Cycling success is down to the perfect combination of rider and machine – and now the bike which the British team is riding in the Tour of Britain this week is available to researchers online.
Team Sky Pinarello FP2 105 2010 Road Bike at the Museum of Design in Plastics
Team Sky’s carbon fibre Pinarello road bike has joined the unique collection at the Museum of Design in Plastics and has been digitised as part of a JISC project at the Arts University College at Bournemouth.
The bike joins nearly 9000 plastic objects in the museum’s unique collection, including other sporting treasures such as Giro Road and Time Trial cycle helmets, an international standard Adidas football and Nike shin pads, and an Olympic standard Speedo Bodysuit.
Louise Dennis, assistant curator at the museum, explained why the bike design is of interest to researchers: “The material something is made of has a great effect on its speed and plastics have been used by manufacturers to overcome many of these issues. Carbon fibre is a plastics-based composite material which allows the bike to be extremely low in weight and yet be stiff, strong and responsive. In addition the geometry of the tubing and the smoothness of the material help to reduce drag.”
Digitising the bike is part of an £80,000 JISC investment in improving the online version of the museum with over 1500 objects from its unique collection – which means the museum can provide access to rare objects which are not physically on display.
Ben Showers, programme manager at JISC, said: “The ubiquitous nature of plastic objects means that it is easy to take their impact for granted – but the newly digitised collection at the museum includes some wonderful artefacts and objects that will help inspire students, teachers and entrepreneurs contributing to our productive and innovative creative economy.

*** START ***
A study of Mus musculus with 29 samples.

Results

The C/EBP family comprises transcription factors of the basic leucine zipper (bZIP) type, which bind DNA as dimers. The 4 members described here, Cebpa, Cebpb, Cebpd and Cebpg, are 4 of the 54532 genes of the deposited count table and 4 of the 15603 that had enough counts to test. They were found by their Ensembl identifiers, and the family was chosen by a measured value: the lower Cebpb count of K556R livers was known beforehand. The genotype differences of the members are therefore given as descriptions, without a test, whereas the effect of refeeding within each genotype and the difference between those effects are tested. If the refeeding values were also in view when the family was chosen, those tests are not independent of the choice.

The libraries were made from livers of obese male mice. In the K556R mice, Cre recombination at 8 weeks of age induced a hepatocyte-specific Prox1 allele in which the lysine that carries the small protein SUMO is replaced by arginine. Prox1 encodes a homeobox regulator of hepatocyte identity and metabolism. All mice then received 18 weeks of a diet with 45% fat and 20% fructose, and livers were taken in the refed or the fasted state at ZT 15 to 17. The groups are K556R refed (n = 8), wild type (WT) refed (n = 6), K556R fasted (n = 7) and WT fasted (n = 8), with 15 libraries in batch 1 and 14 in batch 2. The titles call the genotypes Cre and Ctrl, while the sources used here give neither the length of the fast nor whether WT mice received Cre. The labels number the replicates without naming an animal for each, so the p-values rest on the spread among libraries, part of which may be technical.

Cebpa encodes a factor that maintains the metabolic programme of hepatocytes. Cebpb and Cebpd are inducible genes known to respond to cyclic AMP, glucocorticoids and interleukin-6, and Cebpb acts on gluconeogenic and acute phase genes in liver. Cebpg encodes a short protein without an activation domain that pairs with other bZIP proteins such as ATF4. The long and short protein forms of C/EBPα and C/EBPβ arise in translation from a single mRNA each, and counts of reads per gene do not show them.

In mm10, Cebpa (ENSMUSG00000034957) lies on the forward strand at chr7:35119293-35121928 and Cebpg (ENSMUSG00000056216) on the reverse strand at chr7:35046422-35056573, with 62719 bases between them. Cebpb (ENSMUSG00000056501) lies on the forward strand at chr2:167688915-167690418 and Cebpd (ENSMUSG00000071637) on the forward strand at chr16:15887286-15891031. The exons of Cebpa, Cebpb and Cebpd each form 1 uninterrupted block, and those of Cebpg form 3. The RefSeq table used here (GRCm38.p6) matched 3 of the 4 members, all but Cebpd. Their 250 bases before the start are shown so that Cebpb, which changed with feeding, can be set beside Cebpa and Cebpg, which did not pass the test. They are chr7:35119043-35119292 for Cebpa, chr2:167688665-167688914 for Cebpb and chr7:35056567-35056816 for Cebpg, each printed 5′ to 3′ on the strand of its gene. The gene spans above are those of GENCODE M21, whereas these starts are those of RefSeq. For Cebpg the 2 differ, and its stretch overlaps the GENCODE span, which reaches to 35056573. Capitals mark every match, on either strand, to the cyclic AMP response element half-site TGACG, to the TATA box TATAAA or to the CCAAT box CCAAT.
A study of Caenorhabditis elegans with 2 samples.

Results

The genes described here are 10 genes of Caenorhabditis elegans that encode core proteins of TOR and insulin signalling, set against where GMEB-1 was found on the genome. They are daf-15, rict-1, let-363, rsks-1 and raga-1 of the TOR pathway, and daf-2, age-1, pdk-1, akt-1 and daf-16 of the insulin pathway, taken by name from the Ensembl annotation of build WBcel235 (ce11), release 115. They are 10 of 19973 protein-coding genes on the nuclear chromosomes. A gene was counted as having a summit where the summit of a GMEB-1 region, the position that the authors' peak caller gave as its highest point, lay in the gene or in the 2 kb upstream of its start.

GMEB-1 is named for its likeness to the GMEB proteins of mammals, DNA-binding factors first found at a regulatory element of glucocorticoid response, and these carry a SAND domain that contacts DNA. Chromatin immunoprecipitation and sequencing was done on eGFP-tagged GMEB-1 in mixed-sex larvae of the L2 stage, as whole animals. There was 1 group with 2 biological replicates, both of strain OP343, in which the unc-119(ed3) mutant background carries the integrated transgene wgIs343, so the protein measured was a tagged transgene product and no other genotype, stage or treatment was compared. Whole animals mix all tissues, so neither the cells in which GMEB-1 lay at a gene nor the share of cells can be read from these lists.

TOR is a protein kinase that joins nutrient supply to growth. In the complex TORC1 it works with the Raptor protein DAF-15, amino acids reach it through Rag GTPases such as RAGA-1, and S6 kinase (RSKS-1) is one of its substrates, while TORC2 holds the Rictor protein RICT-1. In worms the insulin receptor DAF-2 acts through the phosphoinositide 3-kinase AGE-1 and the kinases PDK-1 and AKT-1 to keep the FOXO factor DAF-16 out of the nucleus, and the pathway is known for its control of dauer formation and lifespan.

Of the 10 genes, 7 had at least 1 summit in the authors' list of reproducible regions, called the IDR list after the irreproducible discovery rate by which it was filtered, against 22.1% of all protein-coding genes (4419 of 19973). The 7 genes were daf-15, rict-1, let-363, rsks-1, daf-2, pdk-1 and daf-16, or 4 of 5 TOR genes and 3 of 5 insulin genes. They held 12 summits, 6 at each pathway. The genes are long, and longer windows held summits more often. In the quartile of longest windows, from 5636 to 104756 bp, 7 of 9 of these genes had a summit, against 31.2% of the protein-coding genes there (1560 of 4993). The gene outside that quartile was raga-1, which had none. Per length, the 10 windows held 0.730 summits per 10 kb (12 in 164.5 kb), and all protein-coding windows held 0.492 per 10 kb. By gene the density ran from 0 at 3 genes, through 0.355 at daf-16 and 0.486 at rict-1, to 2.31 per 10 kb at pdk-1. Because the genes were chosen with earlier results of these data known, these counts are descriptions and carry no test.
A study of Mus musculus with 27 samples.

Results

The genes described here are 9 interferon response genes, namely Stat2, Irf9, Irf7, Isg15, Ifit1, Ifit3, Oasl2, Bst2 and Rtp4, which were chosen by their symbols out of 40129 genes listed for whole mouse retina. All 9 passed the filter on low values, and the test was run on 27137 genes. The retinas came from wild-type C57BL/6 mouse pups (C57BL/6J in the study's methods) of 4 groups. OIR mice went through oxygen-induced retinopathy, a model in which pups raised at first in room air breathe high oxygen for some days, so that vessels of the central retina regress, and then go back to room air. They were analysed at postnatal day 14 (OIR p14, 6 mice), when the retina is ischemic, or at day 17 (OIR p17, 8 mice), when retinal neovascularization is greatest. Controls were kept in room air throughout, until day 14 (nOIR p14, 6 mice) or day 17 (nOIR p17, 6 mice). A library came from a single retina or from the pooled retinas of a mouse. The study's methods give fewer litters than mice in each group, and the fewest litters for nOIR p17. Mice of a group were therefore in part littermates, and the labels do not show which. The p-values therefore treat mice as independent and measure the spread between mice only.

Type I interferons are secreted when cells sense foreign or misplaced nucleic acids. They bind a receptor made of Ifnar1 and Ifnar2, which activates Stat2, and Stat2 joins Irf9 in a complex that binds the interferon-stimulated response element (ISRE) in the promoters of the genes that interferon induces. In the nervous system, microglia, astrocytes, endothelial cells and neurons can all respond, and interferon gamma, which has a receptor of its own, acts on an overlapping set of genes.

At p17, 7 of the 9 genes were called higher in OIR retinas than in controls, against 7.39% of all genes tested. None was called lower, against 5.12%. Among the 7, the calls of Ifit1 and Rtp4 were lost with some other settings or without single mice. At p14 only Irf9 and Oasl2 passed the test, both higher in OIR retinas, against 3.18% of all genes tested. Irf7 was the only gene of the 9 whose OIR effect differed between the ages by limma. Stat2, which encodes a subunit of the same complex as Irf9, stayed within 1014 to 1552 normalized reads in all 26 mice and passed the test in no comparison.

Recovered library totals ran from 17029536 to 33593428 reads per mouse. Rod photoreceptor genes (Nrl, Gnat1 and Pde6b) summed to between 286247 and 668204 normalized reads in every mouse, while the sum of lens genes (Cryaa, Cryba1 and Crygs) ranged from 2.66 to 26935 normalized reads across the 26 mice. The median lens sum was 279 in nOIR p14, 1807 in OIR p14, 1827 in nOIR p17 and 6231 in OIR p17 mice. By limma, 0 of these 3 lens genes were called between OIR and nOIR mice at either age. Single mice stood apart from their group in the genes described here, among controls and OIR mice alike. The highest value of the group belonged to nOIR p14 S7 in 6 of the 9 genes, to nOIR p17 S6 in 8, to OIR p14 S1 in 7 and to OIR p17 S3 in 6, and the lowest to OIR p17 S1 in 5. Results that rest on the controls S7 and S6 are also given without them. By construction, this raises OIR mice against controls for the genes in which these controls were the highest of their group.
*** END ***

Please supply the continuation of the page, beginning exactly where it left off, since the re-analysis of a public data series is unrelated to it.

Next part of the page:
“We now really want other academic and cultural institutions to learn the lessons from this valuable project, which is a great example of how a small scale digitisation project can become fully embedded and useful to teaching and learning in an individual college as well as being sustainable in the longer term,” he added.
The plastic objects now have a dedicated section on the Visual Arts Data Service (VADS) website which shares the collection with a wider audience and places it alongside other archives from other art institutions such as Central St Martins, London College of Communication, and the Design Council Slide Collection.
This link with VADS has also led the Museum of Design in Plastics to become a partner in the JISC funded Look-here! project, which is using the museum’s experience as a model for digitisation in the arts higher education sector.